Could a Cream Eliminate Equine Aural Plaques?

Could a Cream Eliminate Equine Aural Plaques?

Aural plaques resemble warts and are caused by the Equus caballus papillomavirus.

Photo: The Horse Staff

You’ve seen the white stuff on the inside of horses’ ears. Maybe you’ve even tried to get rid of it. In many cases, however, this substance—aural plaque—is challenging to eliminate. But researchers recently tested a cream that could prove useful for treating aural plaques: imiquimod, an immune-boosting paste sometimes used to treat sarcoids.

Aural plaques resemble warts and are caused by the Equus caballus papillomavirus (EcPV), probably spread by flies and biting insects. Not only are the warts unsightly, but they can also reduce a horse’s sale value and cause ear sensitivity of varying degrees. Treatment with a 5% imiquimod cream can be effective, but can result in inflammatory reactions in some cases. This could cause horse owners to stop treatment to before the veterinarian instructs them to do so.

“This is a big problem,” said José Paes de Oliveira Filho, DCV, FMVZ, at the Universidade Estadual Paulista (Unesp) in Brazil.

But, despite the side effects and based on the results of a recent study, Oliveira Filho asserts that the 5% imiquimod cream is effective for treating aural plaques in horses. “This treatment promoted clinical resolution in 93% of the treated ears and, moreover, the EcPVs was not observed in 71.4% of the treated ears after the treatment,” he explained.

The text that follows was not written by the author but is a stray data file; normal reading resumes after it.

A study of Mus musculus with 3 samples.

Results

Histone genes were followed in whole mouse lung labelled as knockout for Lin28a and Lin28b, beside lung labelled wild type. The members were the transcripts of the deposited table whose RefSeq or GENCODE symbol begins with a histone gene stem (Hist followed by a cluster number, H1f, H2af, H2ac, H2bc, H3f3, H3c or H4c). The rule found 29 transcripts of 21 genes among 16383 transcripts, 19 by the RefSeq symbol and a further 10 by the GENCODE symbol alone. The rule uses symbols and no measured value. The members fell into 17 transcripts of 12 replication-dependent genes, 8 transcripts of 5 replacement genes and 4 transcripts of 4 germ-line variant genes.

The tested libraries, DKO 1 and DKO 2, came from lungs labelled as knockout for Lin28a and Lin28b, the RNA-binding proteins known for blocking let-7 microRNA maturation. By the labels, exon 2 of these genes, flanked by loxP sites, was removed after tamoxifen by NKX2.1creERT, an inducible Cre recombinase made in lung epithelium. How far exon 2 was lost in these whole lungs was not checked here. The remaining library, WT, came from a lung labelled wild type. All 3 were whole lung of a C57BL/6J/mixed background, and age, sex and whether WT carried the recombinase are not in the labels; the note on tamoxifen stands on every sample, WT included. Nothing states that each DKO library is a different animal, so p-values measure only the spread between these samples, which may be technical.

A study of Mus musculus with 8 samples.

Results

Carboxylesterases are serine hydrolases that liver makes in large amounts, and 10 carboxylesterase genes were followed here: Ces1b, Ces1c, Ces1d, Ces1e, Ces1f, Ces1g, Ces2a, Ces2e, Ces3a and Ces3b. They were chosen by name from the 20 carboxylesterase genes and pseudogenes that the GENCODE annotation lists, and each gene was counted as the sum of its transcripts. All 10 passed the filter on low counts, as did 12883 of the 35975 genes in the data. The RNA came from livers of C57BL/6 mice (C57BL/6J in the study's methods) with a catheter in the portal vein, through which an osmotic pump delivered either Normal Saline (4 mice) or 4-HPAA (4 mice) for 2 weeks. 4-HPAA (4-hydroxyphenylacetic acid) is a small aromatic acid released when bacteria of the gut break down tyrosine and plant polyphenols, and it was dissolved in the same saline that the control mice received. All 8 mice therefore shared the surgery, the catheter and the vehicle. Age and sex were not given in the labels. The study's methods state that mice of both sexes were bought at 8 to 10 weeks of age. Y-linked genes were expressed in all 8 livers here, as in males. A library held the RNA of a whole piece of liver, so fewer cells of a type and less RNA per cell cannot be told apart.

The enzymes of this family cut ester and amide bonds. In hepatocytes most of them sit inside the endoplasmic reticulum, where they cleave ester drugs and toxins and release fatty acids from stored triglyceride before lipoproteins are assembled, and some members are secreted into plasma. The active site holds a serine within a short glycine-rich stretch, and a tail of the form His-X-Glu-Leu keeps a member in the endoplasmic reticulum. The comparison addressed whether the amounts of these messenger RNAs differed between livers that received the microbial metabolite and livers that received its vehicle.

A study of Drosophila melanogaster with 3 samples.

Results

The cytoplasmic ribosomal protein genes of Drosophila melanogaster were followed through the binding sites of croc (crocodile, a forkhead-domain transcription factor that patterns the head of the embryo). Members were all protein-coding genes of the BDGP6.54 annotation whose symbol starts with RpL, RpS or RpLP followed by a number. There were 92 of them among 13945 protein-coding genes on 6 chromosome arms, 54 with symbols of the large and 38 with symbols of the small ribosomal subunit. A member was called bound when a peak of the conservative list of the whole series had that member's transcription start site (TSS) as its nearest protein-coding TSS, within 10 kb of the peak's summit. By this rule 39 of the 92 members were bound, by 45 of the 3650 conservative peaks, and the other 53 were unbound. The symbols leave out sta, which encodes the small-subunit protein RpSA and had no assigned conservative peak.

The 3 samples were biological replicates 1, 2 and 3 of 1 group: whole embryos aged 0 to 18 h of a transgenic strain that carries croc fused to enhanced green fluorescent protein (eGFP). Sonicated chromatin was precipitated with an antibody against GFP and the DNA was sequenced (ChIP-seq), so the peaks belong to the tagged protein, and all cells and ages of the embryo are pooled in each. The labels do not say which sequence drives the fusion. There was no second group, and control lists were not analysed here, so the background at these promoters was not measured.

The rate of clearance observed in horses is similar to or higher than that observed in human studies using imiquimod. “We think the high rate of clearance of EcPv observed in the present study, after treatment, can result in a reduced risk of virus spread,” he added.

The treatment might not prevent future infection, but it appears capable of reducing the spread of the virus and providing comfort to horses with aural plaques.

Oliveira Filho cautioned, however, that “veterinarians need to be aware of the side effects and should clarify the owner about that.” Further, he said, the veterinarian should take steps to ensure the horse receives the entire treatment—no stopping imiquimod application early; this could be as simple as stressing the importance to an easy-to-educate horse owner or as intensive as making arrangements to have treatment applied if the owner isn’t likely to carry through.

Further research is needed to determine if lower concentrations of imiquimod can still be effective while reducing the adverse effects, Oliveira Filho said.

The study, “Imiquimod treatment for Equus caballus papillomavirus infection in equine aural plaques,” which was supported by São Paulo Research Foundation–FAPESP, was published in Veterinary Dermatology

About the Author

Katie Navarra

Katie Navarra has worked as a freelance writer since 2001. A lifelong horse lover, she owns and enjoys competing a dun Quarter Horse mare.